Cooking oil, pulses, wheat flour supplies likely to face a squeeze

Traders have sought fewer restrictions on transport and movement of grains and other food commodities by the railways.


Traders have sought fewer restrictions on transport and movement of grains and other food commodities by the railways.

“The supply of edible oil to consumers will be a challenge, especially in eastern India, if labour issue remains. There is already a 40% drop in edible oil processing, packaging and dispatch due to labour issue,” said Angshu Mallick, deputy chief executive officer at Adani Wilmar.


Mallick said other edible oil companies from Ruchi Soya industries to Emami Agrotech too were facing a similar situation. India annually process 14 million tonnes of edible oil.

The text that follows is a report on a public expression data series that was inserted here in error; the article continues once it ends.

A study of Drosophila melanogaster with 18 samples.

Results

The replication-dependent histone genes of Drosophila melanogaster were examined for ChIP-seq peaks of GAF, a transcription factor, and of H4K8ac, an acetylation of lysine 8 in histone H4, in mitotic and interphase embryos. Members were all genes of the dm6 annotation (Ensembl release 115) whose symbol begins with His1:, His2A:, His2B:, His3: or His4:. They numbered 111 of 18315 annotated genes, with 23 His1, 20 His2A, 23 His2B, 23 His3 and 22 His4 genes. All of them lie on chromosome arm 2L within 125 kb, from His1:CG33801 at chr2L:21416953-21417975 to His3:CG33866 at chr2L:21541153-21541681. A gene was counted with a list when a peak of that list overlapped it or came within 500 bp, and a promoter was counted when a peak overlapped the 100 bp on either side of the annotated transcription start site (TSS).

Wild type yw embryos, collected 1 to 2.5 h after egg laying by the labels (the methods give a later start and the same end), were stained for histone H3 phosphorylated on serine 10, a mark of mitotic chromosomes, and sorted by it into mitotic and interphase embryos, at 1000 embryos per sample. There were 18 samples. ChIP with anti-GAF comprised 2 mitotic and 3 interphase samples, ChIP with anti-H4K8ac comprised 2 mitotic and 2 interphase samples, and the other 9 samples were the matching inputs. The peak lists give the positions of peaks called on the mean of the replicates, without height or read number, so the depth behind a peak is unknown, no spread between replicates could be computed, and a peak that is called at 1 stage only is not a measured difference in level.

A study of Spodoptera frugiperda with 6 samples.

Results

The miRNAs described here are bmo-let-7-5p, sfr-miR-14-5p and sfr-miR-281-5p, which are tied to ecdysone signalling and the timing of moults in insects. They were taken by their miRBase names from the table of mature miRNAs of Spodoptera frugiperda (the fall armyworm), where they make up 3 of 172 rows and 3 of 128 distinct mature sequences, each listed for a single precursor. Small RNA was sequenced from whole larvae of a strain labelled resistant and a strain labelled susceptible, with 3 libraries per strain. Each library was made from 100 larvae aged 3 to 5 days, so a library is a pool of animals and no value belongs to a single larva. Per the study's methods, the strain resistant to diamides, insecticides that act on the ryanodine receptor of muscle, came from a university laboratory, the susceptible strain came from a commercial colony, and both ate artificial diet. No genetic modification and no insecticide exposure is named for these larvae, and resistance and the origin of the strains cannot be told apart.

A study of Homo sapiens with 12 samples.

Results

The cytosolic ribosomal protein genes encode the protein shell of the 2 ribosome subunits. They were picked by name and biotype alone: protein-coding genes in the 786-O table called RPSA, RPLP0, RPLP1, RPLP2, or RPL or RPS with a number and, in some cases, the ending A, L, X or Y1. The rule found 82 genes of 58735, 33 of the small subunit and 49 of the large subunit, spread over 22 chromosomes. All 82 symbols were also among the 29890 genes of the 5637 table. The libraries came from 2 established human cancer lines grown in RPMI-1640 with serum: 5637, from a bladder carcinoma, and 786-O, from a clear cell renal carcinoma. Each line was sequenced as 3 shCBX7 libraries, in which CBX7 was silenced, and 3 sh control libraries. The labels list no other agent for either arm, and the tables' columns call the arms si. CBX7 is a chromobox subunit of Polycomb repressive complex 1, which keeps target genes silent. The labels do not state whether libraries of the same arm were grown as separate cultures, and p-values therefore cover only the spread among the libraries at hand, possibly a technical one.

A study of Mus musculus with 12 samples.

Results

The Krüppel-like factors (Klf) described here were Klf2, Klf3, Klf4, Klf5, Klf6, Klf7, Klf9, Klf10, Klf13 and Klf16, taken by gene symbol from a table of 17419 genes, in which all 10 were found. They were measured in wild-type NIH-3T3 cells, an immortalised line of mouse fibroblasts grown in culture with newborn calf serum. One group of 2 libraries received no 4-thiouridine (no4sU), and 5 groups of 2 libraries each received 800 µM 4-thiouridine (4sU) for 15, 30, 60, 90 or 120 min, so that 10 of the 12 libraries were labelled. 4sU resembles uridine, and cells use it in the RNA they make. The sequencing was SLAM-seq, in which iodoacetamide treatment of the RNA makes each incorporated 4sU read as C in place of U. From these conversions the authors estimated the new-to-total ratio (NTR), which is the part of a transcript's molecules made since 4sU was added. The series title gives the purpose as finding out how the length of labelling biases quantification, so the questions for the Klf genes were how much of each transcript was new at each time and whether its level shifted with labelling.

graph 7th apr 5

In some instances, landlords are not allowing tenants to go for work and in other cases due to lack of public transport, they are unable to come to the factories, said Mallick.


“We have not increased our product prices even though we are facing a difficult time,” said Sanjay Puri, president of Roller Flour Millers Association.

“We are just asking government to ensure labour come to factories and allow direct sale of wheat from the FCI godowns, apart from the weekly auction it does. This will enable easier access to stocks,” he added.

The government should also reduce the 5% GST on branded food products, he said.


Suresh Aggarwal said the new crop of tur and chana has been harvested in Karnataka, Andhra Pradesh, Telangana, Maharashtra and Rajasthan and needed to be processed.